One of the products included in our Bespoke Premium research service is our daily Trade of the Day report where each day we highlight a single stock that looks attractive based on the myriad of metrics we incorporate into our analysis. Many Bespoke followers have recently asked for the performance of this report, and we highlight the results below.
With 2009 now complete, we went back and tallied the performance of all Trade of the Days to see how they performed versus the S&P 500. In 2009, the cumulative return of our Trade of the Day ideas was +42.8%* (not including commissions and/or fees) compared to the 26.9% return of the S&P 500 tracking ETF (SPY). As shown in the chart below, the cumulative return of our Trade of the Day throughout 2009 was consistently above the $1,000 starting amount, even as the S&P 500 was down 25% at its lows in March.
The second chart below highlights the individual weekly returns of each day's idea. Our three biggest winners of the year were ESI (1/15: +27%), MOS (2/3: +27%), and CHIC (8/18: +26%), while the biggest losers were SPAR (6/29: -37%) and TK (2/10: -18%). Of the 246 ideas, 134 (54.5%) were profitable one week later, while 112 (45.5%) were unprofitable. The alpha generated by the Trade of the Day was due to the margin of difference between the average performance of winners (up 5.4%) compared to the average decline of the losers (-4.5%).
Beneath the charts below, we have also provided a table with the performance of our Trade of the Day ideas over the last month. Of the 19 ideas since 12/7, the average one week return has been 2.26% with 15 out of 19 profitable trades. As always, we would remind readers that past performance is no guarantee of future results, and we always advise investors to do their own due diligence.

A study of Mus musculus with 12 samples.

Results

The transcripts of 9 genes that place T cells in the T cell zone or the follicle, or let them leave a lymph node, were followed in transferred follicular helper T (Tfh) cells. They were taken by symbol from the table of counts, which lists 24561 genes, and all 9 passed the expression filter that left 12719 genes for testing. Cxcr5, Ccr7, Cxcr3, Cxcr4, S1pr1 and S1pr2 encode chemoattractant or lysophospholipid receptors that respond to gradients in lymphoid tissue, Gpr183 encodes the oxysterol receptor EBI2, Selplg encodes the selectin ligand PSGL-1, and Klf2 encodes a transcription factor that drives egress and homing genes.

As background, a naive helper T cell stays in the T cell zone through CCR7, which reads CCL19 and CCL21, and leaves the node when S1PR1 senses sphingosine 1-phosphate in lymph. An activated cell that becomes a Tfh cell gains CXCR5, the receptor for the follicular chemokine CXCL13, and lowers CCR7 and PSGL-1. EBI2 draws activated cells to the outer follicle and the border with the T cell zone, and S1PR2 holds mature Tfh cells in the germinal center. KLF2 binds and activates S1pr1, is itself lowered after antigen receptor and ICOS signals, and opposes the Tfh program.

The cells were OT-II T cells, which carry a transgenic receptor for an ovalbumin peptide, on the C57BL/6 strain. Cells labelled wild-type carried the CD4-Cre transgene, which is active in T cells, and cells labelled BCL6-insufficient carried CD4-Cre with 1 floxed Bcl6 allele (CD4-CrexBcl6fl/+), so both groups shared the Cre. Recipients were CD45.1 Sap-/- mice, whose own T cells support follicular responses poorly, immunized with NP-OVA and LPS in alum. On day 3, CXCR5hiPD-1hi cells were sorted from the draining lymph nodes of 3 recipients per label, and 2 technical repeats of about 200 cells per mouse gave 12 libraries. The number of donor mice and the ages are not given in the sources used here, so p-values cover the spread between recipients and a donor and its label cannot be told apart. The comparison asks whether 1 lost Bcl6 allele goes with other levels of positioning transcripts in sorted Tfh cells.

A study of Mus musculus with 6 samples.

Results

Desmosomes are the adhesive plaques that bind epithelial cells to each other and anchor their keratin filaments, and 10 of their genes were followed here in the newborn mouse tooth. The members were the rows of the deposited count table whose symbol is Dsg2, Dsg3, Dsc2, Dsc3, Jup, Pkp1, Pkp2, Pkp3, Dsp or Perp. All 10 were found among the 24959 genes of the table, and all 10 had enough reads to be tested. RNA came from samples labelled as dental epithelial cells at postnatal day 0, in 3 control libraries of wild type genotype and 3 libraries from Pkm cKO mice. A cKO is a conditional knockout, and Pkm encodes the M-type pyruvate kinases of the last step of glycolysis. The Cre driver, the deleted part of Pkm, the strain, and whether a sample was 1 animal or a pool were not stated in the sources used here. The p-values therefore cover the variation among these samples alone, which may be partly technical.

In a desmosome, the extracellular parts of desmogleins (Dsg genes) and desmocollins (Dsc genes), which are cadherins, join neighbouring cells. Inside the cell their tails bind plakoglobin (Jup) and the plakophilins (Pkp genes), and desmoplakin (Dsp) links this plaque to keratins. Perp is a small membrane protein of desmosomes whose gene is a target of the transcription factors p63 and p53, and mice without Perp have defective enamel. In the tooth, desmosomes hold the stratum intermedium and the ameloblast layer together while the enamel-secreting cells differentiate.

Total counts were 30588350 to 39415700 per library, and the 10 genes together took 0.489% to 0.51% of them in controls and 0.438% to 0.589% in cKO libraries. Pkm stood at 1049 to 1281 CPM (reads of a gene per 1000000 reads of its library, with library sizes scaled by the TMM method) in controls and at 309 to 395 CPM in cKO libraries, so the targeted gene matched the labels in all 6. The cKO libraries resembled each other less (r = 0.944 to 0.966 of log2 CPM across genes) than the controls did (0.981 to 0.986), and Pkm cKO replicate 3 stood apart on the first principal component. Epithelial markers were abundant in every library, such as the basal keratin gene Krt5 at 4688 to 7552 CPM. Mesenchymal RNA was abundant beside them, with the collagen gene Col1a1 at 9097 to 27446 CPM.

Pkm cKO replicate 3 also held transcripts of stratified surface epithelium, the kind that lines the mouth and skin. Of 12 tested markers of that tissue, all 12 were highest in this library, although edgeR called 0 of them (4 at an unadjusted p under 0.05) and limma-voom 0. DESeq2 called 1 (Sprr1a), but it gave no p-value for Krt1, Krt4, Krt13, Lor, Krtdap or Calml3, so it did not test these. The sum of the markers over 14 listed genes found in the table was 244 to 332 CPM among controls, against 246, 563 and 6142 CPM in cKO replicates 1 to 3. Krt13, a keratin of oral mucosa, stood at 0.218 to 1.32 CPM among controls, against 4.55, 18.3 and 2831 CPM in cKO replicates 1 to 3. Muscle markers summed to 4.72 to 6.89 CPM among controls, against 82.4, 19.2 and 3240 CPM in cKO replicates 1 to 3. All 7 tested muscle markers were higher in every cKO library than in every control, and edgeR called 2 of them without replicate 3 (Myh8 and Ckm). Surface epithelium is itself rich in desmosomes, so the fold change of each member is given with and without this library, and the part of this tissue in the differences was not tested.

To receive daily access to our Trade of the Day report, subscribe to Bespoke Premium today.
*For the purpose of this exercise, we calculated the returns using a one week holding period from the opening price on the day of the report (irregardless of whether or not they hit our guideline stop or target price). Using a hypothetical portfolio of $1,000, on 1/2/09 we put one fifth of the portfolio ($200) and invested it in the first day's idea (which was GS). After holding that position for one week, we rolled the proceeds into the Trade of the Day from January 9th. On the second trading day of 2009, we invested another $200 (one fifth of the portfolio) in that day's Trade of the Day, and held that for one week, etc... Using this method, an investor would always be maintaining a portfolio of five stocks making one trade per day. Please email us if you would like a spreadsheet with all of the Trade of the Day ideas for 2009.